What Causes Seizures?
Epilepsy is commonly thought of as the primary cause of seizures. However, there are different types of seizures, or episodes that look like seizures, that are not caused by faulty electrical signals in the brain.
We commonly think of someone falling down and shaking violently or having stiff, jerky movements when having a seizure. But a seizure doesn’t always cause a person to lose consciousness.
Sometimes, the person may:
- Stare into space
- Have muscle spasms
- Make involuntary movements
- Have disruptions to his or her speech, movement, vision, or senses
Epileptic seizures occur when there are abnormal bursts of electricity in the brain. These bursts disrupt the brain’s normal function and lead to some loss of consciousness or impaired senses.
Types of Epileptic Seizures
People with epilepsy may experience one of two main types of seizures: generalized or partial.
Generalized seizures occur across the entire surface of the brain rather than a specific location. These are less common and tend to be because of genetic factors.
Most adults with epilepsy experience partial seizures, which begin in a specific region of the brain. These seizures can result from:
- Brain injury
- Brain tumor
- Diseases that affect the brain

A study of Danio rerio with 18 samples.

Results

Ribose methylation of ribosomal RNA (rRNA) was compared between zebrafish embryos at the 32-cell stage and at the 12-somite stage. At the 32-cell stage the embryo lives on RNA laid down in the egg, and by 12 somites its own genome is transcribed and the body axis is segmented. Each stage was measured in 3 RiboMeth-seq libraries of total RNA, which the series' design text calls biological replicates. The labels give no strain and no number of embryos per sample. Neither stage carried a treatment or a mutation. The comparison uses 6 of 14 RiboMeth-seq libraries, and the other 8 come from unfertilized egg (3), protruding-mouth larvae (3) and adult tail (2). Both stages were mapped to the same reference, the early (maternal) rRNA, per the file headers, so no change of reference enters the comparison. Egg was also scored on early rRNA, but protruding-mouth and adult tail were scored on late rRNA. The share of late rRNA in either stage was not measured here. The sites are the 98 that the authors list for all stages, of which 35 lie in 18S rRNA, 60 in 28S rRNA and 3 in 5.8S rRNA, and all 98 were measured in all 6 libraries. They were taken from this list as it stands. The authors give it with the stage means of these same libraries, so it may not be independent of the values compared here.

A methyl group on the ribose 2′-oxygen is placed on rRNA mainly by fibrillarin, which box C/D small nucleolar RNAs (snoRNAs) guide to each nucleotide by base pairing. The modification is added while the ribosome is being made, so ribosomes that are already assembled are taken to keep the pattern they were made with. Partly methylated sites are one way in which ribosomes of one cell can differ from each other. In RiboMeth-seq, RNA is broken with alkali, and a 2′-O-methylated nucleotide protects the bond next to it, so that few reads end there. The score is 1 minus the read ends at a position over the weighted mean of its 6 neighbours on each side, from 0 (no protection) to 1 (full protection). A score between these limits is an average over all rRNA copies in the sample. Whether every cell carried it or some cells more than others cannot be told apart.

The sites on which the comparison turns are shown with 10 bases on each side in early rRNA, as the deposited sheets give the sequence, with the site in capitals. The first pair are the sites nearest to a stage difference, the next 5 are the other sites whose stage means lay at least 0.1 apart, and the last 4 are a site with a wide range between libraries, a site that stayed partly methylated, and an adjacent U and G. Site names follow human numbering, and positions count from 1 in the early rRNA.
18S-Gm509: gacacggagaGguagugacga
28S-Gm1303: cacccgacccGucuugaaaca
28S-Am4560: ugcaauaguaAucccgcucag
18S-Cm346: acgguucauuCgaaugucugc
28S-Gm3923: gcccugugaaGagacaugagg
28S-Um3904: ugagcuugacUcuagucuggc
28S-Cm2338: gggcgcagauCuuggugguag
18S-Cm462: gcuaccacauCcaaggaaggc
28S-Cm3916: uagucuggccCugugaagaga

Partial seizures can last from 30 seconds to a few minutes.
Epilepsy is diagnosed by a brain scan such as an electroencephalogram (EEG). These scans will show the abnormal electrical activity and whether a tumor or injury is causing the trouble. With a diagnosis of epilepsy, medications are usually the first choice to lessen the frequency of seizures. Surgery may also be necessary if there is a brain tumor or lesion present.
- Impaired or jerky movements
- Tunnel vision
- A tingling sensation in the skin
- Temporary blindness
Other symptoms may also occur. However, with these seizures the central nervous system is not involved.
Causes of Non-epileptic Seizures
Non-epileptic seizures have a range of causes including:
- Electrolyte imbalance
- Withdrawal from drugs or alcohol
- Extremely low blood sugar
- Brain damage from stroke, brain surgery, or head injury
Although some causes are the same between epileptic and non-epileptic seizures, the difference your doctor will look for is whether the brain’s electrical activity is being disrupted. Results from an EEG will look differently if epilepsy is not the cause.
Your doctor may also perform a blood test to look for infection, check electrolyte levels, and monitor kidney and liver function.
It’s important to know the difference in the types of seizures before moving forward with medication or other treatment plan for your seizures. Treating non-epileptic seizures with epilepsy medications can have serious side effects.